This is not going to be the 2017 that the TV industry was expecting. For the last few years, the zeitgeist in television has been based on the election of Barack Obama and the assumed election of Hillary Clinton: shows tried harder to reflect a more multicultural, socially liberal America. That America still exists and may be the future of the country. But starting next year, we’re likely to see an attempt to play catch-up with the America that elected Donald Trump. “A lot of brands y’all think of as ‘progressive’ are not,” The Atlantic’s Adam Serwer warned on Twitter. “They were responding to the Obama cultural zeitgeist. They will shift toward Trump.”
Not that we’ll see this shift right away. Trump’s victory was so unexpected that much of the TV for the first part of the year is aimed directly at liberal Millennials, like Netflix’s Dear White People, based on Justin Simien’s film about black students standing up to white privilege at a university, or Bill Nye Saves the World, starring the children’s entertainer who has become a popular voice on issues like climate change. Hulu will be unveiling a series based on The Handmaid’s Tale, Margaret Atwood’s story of a dystopian society where women are oppressed—which is now sure to inspire many thinkpieces arguing that Atwood’s vision has come true.
But the entertainment industry usually follows the election returns to some extent: after George W. Bush’s victory in 2004, there was a period when television was more conservative and pro-military (remember The Unit?). As The Hollywood Reporter’s Michael Wolff pointed out, the U.S. media has “never encountered a zeitgeist and power shift that it has not enthusiastically embraced,” especially since they need Washington’s approval for big mergers.
So we can expect 2017’s TV to start sucking up to Trump and the people who voted for him. We’re already seeing some media executives trying to get on his good side: Shari Redstone, vice-chair of CBS and Viacom, told the New York Times that Trump’s election “might be an opportunity for someone to come in and unify the country,” and that Trump “listened to a lot of voices people weren’t listening to.” That could be a sign that Viacom networks like Comedy Central and MTV will try to listen to some of those same voices.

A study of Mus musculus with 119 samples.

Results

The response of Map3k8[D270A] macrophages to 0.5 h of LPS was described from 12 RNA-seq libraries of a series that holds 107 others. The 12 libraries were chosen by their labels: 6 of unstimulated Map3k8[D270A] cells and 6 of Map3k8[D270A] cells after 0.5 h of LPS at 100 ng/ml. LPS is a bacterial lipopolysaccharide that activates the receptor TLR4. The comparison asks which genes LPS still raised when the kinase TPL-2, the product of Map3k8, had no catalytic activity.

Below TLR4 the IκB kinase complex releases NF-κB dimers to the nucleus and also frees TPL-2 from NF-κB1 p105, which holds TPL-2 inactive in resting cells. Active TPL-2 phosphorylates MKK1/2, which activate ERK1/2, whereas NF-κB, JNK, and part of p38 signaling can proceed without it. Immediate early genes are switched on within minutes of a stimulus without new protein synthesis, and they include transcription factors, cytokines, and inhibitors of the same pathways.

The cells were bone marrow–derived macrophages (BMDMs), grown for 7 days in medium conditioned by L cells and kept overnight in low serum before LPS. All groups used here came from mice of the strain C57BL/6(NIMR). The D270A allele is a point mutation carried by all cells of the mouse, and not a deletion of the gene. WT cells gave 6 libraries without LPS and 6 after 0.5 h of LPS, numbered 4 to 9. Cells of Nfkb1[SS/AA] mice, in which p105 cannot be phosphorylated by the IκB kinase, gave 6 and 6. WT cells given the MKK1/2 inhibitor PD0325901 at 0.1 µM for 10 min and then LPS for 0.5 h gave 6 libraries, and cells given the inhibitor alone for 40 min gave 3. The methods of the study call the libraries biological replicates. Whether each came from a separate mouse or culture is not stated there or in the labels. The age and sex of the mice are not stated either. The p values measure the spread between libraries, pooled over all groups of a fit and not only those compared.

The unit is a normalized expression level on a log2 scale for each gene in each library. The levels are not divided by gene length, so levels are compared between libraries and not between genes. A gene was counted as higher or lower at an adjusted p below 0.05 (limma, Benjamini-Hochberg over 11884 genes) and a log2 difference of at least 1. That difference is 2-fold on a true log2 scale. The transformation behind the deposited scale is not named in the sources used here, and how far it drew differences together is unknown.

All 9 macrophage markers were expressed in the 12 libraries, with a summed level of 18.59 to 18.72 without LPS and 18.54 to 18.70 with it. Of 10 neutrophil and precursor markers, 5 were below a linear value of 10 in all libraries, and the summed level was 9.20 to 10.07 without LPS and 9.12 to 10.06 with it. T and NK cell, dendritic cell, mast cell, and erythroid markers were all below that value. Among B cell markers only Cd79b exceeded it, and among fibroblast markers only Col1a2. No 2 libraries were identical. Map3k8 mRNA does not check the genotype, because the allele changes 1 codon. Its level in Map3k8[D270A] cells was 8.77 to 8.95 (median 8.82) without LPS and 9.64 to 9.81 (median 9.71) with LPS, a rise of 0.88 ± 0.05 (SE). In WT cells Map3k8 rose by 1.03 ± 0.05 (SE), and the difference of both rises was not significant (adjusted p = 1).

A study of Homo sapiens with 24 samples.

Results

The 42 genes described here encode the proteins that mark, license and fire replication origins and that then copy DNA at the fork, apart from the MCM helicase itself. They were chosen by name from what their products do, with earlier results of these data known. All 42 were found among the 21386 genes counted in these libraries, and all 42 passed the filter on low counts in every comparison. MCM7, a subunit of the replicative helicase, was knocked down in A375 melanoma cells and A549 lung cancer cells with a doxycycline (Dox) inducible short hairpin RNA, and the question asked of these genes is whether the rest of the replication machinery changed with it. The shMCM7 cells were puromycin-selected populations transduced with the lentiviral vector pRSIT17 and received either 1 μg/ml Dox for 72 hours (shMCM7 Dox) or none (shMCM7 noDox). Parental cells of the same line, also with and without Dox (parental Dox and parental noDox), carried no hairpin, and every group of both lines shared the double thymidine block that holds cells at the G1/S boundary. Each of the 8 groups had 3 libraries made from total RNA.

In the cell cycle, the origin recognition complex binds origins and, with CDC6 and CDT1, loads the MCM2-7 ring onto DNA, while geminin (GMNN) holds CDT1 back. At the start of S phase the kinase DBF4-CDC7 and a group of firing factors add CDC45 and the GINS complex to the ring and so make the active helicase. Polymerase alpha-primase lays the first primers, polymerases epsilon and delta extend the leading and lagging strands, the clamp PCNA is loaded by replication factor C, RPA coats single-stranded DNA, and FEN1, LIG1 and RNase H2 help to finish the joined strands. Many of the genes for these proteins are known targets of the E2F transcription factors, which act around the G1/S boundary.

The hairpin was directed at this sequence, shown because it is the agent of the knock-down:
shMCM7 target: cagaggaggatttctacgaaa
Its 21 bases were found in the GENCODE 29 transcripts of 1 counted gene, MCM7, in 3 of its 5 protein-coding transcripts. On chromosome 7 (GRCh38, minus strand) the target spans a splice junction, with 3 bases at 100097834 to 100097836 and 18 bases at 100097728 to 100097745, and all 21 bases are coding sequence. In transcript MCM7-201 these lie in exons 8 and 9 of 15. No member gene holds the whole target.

That will almost certainly be true in the world of late-night comedy, where the success of the relatively apolitical Late Night With Jimmy Fallon—whose host was one of the few to go easy on Trump—may become the template. Though there will always be a place for the partisan rhetoric of a Samantha Bee, whose show Full Frontal will move to a new time slot in 2017, we can expect to see some comedians withdraw from the political fray: “Politics is everywhere and takes up precious brain space,” Stephen Colbert already complained.
One place to look for signs of a backlash will be the most popular and profitable TV event of all, the Super Bowl. One of the biggest stories of television in 2016 was the sudden decline of National Football League ratings by approximately 20 per cent. Some commentators, including Donald Trump himself, blamed this in part on what they considered the liberal tilt of TV’s NFL coverage, particularly quarterback Colin Kaepernick’s protests against police brutality. Expect the 2017 Super Bowl to be drenched in patriotic imagery and nostalgia to pacify viewers in red states—and expect a major controversy if the host of the halftime show, Lady Gaga, tries to speak up against the new president.
This isn’t to say 2017 will be all about backlash politics: no matter who is in power, TV networks know that targeting a more diverse audience is good for business. Still, many TV events will now seem like the end of an era. The series finale of Girls, the HBO series by Millennial creator-star Lena Dunham, will now seem like a lament for a generation that has been frozen out of power.
On the bright side, though, some shows will have a relevance that no one was expecting when they were greenlit. Like Fox’s new police drama APB, about a billionaire who literally buys control over a police district—as if rich people could just take over public institutions like that. And starting in January 2017, Arnold Schwarzenegger will become the new host of The Apprentice after it lost its star, Donald Trump. Of course, the Constitution says Arnold isn’t eligible to be the next president . . . but after a year like this, who can tell what might happen?